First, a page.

Human rights, civil liberties form the heart of Barratt’s new book

Bethany Barratt, director of the Joseph Loundy Human Rights Project and associate professor of political science wrote books such as “Human Rights and Foreign Aid” and “The Politics of Harry Potter.”

Her newest book, “Human Rights in a Post 9/11 World,” is a collection of edited works from political scientists, policymakers, legal scholars and activists.

The Open Society Foundation (OSF) commissioned Barratt to write the book as part of its series for high school and college students on challenges in world politics. Her book collects and simplifies the work of legal scholars, political scientists, policymakers and activists.

“We either explain or strip out specialist language and jargon that is unnecessary, explain the historical and philosophical background of current debates and raise questions that unify all the readings within each section,” Barratt said.

Barratt was asked to be the editor because of her role in the Joseph Loundy Human Rights Project. The project was the host of a major conference on human rights since 9/11 in 2010. The conference marked the first collaboration between the human rights sections of the American Political Science Association and the other two major scholarly organizations in the field.

“It was such a success we’ve had two follow up conferences — Glasgow last year and then next year in Istanbul,” Barratt said.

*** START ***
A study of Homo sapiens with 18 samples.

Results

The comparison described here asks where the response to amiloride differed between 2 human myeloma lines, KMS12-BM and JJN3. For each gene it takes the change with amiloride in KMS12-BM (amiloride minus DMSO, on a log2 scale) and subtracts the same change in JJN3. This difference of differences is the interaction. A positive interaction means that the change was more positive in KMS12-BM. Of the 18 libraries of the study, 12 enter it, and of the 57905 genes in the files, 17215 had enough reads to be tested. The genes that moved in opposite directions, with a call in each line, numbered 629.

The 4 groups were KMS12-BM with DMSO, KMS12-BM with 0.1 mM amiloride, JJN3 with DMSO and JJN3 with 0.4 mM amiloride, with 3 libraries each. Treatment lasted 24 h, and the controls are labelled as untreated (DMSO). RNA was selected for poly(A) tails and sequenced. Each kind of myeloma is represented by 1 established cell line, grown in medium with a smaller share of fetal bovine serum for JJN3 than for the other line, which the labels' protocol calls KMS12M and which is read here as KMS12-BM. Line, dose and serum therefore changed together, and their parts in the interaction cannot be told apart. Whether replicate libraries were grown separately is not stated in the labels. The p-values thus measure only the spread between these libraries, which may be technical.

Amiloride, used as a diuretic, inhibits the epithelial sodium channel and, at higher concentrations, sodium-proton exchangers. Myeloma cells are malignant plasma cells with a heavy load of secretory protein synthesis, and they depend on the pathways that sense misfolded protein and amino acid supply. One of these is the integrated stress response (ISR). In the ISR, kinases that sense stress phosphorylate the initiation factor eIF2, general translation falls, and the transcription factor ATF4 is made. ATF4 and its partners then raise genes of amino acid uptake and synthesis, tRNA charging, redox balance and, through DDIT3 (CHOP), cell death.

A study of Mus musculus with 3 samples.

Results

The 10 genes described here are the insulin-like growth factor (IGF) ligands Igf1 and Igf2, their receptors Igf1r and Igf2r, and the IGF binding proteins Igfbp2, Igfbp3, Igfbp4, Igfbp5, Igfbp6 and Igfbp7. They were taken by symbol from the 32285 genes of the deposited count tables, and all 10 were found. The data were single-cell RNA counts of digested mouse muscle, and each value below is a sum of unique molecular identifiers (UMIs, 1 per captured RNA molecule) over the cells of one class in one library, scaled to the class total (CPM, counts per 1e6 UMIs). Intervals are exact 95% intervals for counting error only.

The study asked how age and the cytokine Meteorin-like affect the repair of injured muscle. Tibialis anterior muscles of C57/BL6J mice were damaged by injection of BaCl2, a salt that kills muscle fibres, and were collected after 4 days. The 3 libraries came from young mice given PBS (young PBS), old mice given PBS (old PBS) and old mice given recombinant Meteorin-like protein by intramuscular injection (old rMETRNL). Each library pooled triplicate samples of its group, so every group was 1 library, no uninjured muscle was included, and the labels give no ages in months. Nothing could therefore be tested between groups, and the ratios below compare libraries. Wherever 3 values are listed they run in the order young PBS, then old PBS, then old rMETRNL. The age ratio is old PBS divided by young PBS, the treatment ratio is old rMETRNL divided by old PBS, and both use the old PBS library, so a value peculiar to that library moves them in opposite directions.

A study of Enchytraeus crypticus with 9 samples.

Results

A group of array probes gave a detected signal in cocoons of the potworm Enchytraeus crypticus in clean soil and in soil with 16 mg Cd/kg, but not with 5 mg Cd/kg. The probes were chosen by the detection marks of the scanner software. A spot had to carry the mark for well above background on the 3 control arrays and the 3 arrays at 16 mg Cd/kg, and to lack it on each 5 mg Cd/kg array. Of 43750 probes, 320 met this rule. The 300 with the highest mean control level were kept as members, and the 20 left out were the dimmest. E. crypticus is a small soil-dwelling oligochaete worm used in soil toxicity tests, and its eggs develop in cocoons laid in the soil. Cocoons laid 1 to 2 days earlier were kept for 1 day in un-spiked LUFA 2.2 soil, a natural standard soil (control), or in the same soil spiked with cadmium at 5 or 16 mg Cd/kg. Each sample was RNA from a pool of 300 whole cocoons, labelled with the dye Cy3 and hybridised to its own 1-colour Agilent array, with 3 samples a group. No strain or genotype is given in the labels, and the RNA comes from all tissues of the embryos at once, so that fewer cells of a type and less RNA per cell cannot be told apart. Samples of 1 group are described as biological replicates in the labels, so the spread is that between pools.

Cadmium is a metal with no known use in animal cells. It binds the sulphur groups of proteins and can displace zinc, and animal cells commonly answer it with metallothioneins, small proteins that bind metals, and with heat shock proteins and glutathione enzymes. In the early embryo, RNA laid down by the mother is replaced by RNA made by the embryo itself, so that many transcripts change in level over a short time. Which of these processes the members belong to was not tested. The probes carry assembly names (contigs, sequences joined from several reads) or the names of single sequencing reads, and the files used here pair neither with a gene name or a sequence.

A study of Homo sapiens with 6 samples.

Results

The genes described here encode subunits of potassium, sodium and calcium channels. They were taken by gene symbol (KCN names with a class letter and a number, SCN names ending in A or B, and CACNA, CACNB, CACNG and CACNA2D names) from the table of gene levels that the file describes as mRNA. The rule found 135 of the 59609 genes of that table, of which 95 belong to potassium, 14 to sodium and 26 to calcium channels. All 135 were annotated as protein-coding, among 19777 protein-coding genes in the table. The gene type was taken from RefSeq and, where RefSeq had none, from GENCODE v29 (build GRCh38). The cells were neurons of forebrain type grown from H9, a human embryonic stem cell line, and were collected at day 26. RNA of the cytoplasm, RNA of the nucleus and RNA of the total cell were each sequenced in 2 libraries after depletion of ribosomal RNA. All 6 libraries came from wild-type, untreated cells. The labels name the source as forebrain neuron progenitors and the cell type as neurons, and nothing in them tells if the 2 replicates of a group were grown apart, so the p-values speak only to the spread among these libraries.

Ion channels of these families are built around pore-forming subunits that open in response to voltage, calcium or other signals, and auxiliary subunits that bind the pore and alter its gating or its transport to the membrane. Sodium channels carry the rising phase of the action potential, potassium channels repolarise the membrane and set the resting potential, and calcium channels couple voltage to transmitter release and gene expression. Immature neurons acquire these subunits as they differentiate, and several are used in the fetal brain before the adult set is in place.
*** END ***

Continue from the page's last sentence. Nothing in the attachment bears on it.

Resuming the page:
Barratt noted that there was much “hand-wringing” over Edward Snowdon’s leaked information in May regarding the National Security Agency’s surveillance programs. However, Barratt stated that this didn’t just happen out of nowhere.

“There were very particular people and agencies responsible,” Barratt said. “And very particular tactics that allowed that kind of erosion of civil liberties — and far worse abuses — to occur.”

According to Barratt, the Snowdon revelations demonstrate how the more subtle erosions of human rights can be the most dangerous. These smaller examples can go undetected for much longer than the more dramatic ones, and thus cause larger impacts in the long run.

With the edited collection, Barratt stated that the book has more of an international focus, rather than just concentrating on human rights in the U.S.

Most Americans remember where they were on 9/11. Barratt is no exception to this. However, she wasn’t in the U.S. when the attacks occurred.

“I was on a plane from San Francisco to Beirut,” she said. “We had a plane change in Zurich and our flight on to Lebanon kept getting delayed further and further. Finally, an Irish couple heard us talking and told us we needed to find a TV that was broadcasting CNN International. By the time our flight was cancelled altogether, all the hotels in a hundred mile radius were full and they were shipping stranded tourists out to Germany.

“The most striking thing was the incredible camaraderie and sympathy everyone expressed to us in the week we were stranded. America had a lot of good will from the rest of the world that we could have used to build bridges with after 9/11.”